Have you ever been “the ugly American?” I have. It happened in Paris. The $600 luggage charges for our flight from Paris to West Africa seemed exorbitant. So in my best high school French I told the counter agent what I thought. I accomplished nothing but to make my high school French teacher look really bad. Worse yet, I embarrassed myself and my country. I paid the $600. Nothing was saved. Much was lost.
Here in northwest Iowa, in an insulated corner of an insulated state we may not think we have much opportunity to represent our country to the world. Oh sure, we travel. And even a short trip to Worthington, Estherville, or Storm Lake can put us in touch with people from many nations. But we think Dickinson County, the Okoboji Lakes region, is different. It isn’t, especially in the summer.
Students from around the world come to our shining lakes for summer employment. I bumped into Bulgaria, noticed China, became friends with Jamaica, and enjoyed conversation with Russia. I’m still hanging with Turkmenistan. I’m told there were more than 70 internationals working here. We had opportunity to welcome and at least in some small way influence the planet, perhaps for decades to come.
Most of these global guests have now departed. What impressions did they take home? Will they love America? Or will they remember ugly Americans? Will they never forget the kindness of strangers? Or were they mistreated, misunderstood or ignored?
In 1 Samuel 30, there’s a great little story of the Poet-Warrior David before he became Israel’s king. David’s then hometown, Ziklag, had been attacked. Innocents were captured and belongings plundered. David and his soldiers pursued the vandals, the Amalekites. In their pursuit they came across a foreigner, an Egyptian. He had served the enemy, but had now been left for dead. David cares for him, giving food and water. The Egyptian proceeds to help David by revealing the enemy’s location so justice can be done.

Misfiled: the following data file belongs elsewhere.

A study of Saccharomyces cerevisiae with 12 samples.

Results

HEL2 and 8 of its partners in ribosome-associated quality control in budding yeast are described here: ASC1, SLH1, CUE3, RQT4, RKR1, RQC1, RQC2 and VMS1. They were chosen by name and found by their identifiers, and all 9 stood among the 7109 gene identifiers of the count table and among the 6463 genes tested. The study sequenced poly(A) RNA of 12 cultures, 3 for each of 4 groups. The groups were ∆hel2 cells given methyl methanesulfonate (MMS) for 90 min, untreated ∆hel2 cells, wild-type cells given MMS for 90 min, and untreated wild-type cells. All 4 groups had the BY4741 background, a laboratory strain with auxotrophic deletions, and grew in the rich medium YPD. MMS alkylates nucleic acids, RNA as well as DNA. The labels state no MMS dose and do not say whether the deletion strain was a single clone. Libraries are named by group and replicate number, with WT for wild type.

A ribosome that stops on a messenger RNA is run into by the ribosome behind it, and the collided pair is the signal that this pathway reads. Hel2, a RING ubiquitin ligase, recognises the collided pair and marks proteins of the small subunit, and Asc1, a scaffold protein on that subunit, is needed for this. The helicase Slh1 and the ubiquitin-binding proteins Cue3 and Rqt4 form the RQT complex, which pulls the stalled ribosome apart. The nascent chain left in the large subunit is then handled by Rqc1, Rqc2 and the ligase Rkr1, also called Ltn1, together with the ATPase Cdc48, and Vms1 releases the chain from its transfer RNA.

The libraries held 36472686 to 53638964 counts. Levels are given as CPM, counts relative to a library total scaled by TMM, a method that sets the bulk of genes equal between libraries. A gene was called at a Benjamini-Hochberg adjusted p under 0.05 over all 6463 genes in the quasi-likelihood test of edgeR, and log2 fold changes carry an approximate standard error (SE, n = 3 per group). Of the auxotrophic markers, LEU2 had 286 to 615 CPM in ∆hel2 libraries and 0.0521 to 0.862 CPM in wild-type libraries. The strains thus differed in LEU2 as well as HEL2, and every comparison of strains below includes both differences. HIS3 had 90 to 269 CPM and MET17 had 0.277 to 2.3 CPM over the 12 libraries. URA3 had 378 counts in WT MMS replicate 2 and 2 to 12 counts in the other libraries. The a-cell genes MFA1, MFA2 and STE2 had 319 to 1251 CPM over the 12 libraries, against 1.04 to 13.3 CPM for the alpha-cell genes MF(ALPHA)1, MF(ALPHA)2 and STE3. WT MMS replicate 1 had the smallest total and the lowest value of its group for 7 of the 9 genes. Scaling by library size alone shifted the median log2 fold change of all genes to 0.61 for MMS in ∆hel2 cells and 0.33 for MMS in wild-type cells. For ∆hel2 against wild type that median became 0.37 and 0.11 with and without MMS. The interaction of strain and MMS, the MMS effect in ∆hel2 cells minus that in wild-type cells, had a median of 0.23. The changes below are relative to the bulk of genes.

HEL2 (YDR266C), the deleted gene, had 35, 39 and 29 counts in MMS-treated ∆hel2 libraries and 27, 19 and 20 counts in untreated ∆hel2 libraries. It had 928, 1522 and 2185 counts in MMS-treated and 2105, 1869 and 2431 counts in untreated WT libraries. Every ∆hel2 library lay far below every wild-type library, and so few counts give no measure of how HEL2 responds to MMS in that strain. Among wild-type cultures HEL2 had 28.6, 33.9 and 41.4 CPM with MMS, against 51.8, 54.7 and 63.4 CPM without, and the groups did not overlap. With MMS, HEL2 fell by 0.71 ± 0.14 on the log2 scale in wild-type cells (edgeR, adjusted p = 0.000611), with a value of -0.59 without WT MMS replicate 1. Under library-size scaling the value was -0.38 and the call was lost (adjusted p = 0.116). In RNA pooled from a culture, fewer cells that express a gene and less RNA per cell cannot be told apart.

It would be easy to conclude that the moral of the story is that we should help foreigners because they just might be useful. That fits with why we would show kindness to internationals serving the tourist trade each summer. It’s good business. But that really misses the point. David helped the foreigner before he knew that the foreigner could help him. David missed perfect by a mile but he was “a man after God’s heart.” God’s heart is to care for the abandoned and the foreigner for His own sake, for pure love’s sake, without expectation of return.
So how did we do this summer? How did I do? I didn’t do much. But I came late to the fact that these young friends were here. I’m already thinking about next summer. I can do better. In loving foreigners with no strings attached we’ll show them the heart of God and just maybe, we’ll change the world.